In Summary

  • Unique study investigates benefits of robot-assisted surgery for surgeons
  • Researchers will compare the biomechanics of surgeons during robot-assisted operations with traditional procedures
  • Research conducted in collaboration with the Valley Private Hospital and Device Technologies

Swinburne researchers are conducting a first-of-its-kind study examining how robotic surgical systems could extend the career-span of surgeons.

In a unique collaboration with the Valley Private Hospital and Device Technologies, a multidisciplinary team led by Dr Mats Isaksson will compare the biomechanics of a surgeon operating with a Da Vinci Skills Simulator to that of a traditional laparoscopic surgical procedure.

The project’s clinical lead and Valley Private Hospital surgeon, Dr Chris Hensman, says he is eager to collaborate with Swinburne on this innovative new project.

“Thirty per cent of surgeons prematurely end their career due to repetitive strain injuries, poor posture and working at unnatural angles,” Dr Hensman says.

While the surgeon has full control over its movements, the surgical robot has greater dexterity and can be manoeuvred to perform intricate movements more easily, and with less strain on the surgeon, than traditional manual procedures.

“The Da Vinci robot allows the surgeon to sit comfortably and operate for longer and is also an excellent training tool that ensures surgeons are prepared to perform procedures,” Dr Hensman says.

Expertise from a multidisciplinary team

Surgical robotics research team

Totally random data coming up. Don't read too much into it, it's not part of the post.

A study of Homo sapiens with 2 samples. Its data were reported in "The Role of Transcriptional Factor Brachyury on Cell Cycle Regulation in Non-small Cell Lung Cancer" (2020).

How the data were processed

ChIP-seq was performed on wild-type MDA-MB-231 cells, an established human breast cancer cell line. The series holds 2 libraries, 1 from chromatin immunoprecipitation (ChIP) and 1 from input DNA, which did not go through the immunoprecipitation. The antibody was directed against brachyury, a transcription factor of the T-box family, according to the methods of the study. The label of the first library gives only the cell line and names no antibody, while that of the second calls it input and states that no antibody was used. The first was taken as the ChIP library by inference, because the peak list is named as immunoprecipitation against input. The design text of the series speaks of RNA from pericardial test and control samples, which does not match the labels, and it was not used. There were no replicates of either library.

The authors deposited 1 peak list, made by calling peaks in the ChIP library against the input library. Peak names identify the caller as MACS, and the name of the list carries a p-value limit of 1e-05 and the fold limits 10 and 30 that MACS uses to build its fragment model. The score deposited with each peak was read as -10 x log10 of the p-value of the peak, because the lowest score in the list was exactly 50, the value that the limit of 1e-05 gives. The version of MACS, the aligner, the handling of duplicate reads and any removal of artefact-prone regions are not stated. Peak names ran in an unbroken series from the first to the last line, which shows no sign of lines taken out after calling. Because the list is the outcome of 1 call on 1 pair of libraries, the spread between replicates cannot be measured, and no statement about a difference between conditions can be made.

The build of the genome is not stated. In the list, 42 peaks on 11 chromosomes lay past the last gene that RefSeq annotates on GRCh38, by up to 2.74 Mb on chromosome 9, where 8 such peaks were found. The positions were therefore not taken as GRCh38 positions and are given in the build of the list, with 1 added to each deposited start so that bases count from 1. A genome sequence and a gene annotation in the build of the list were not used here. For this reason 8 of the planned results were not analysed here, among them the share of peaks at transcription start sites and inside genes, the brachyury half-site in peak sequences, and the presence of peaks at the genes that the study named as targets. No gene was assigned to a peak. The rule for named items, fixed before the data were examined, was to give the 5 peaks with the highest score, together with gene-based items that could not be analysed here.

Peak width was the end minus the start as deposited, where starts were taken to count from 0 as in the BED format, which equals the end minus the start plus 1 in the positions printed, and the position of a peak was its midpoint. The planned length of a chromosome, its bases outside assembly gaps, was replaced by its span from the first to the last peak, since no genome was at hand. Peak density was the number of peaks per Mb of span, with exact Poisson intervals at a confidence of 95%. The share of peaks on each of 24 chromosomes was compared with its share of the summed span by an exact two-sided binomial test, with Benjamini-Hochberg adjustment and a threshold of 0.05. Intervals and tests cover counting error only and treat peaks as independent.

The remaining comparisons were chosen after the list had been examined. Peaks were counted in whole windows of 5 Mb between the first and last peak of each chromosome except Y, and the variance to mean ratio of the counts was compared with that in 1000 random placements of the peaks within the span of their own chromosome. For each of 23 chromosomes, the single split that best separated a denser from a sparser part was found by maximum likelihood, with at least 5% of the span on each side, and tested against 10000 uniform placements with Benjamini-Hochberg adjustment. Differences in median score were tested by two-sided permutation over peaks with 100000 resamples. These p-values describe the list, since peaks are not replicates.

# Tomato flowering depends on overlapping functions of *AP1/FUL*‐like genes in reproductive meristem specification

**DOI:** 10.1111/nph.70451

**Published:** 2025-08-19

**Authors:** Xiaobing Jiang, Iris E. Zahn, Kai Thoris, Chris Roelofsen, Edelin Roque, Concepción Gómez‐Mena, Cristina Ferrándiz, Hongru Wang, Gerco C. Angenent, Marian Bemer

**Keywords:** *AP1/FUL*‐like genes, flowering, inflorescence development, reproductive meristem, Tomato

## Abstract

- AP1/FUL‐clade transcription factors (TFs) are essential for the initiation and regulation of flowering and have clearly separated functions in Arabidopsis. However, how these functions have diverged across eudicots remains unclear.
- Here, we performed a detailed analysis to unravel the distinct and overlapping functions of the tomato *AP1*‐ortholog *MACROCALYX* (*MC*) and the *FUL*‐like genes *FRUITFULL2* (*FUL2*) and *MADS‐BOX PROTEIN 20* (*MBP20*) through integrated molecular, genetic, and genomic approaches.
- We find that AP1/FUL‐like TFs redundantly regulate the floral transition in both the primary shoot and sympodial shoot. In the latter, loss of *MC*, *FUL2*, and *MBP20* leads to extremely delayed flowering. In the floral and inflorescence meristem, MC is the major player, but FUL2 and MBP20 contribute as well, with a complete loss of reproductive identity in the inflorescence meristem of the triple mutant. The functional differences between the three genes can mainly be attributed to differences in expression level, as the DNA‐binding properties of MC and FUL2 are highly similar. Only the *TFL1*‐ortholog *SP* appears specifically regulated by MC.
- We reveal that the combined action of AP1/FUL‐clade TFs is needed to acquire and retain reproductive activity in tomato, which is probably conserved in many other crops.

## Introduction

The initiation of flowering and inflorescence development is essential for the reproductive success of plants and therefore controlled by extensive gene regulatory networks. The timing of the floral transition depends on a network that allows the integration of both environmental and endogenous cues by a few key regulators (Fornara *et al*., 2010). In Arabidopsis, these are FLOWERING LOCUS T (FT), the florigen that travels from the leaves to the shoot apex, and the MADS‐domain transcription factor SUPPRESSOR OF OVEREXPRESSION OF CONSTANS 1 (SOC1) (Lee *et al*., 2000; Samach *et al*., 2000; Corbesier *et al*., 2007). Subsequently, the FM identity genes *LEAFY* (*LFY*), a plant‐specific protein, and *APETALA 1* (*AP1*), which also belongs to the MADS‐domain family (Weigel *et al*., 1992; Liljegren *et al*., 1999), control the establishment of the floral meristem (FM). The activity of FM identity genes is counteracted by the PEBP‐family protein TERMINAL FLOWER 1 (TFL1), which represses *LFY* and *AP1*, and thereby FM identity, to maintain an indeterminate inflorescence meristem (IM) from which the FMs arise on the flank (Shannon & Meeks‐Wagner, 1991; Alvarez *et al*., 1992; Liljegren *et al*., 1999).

L to R: Dr Chris Hensman, Dr John McCormick, Professor Romesh Nagarajah, Jaime Hislop, Dr Mats Isaksson, Dr Oren Tirosh.

Dr Isaksson says the project will draw on expertise from a range of areas at Swinburne, including mechanical engineering, interactive media to track the surgeon’s movements with motion capture technology, and biomechanics to analyse the movements.

“We want to track everything so we can put the data into a model and calculate things like ergonomic strain to show the differences between traditional and robotic laparoscopic surgery,” Dr Isaksson says.

“This will allow the team to quantify the differences between robotic and traditional surgery, which has not been done before. We will be able to prove to what extent robotics are better for the surgeon.”

Supported by Director of the Iverson Health Research Institute, Professor Gavin Lambert, the research team will include:

  • Dr Mats Isaksson, Senior Research Fellow
  • Professor Romesh Nagarajah, Professor of Mechanical Engineering
  • Dr Chris Hensman, surgeon at Valley Private Hospital
  • Dr John McCormick, Lecturer in Interactive Media
  • Dr Oren Tirosh, Lecturer in Biomechanics
  • Jaime Hislop, PhD candidate

The future of robot-assisted surgery

Surgeon using robotic surgical system
The robotic surgical system allows surgeons to sit more comfortably, avoiding long-term strain. 

Dr Isaksson says while this is just the beginning of Swinburne’s research into robotic-assisted surgery, the future applications for this technology are extensive.

“The use of surgical robotics will continue to increase around the world, so now is a great time to explore and be at the forefront of understanding the benefits of the technology,” Dr Isaksson says.

“My area of interest is in how we can improve these robots to even better serve patients and surgeons alike. It would be great to get to a point where the robot provides sensory feedback when it touches certain areas, or for how much pressure is being applied,” he says.

Dr Hensman says he has long been interested in quantifying the benefits of robot-assisted surgery and is thrilled to be involved in the project.

“It’s a great feather in the cap for Swinburne moving into this under-explored space. Congratulations to all those involved for being at the forefront of this exciting new technology.”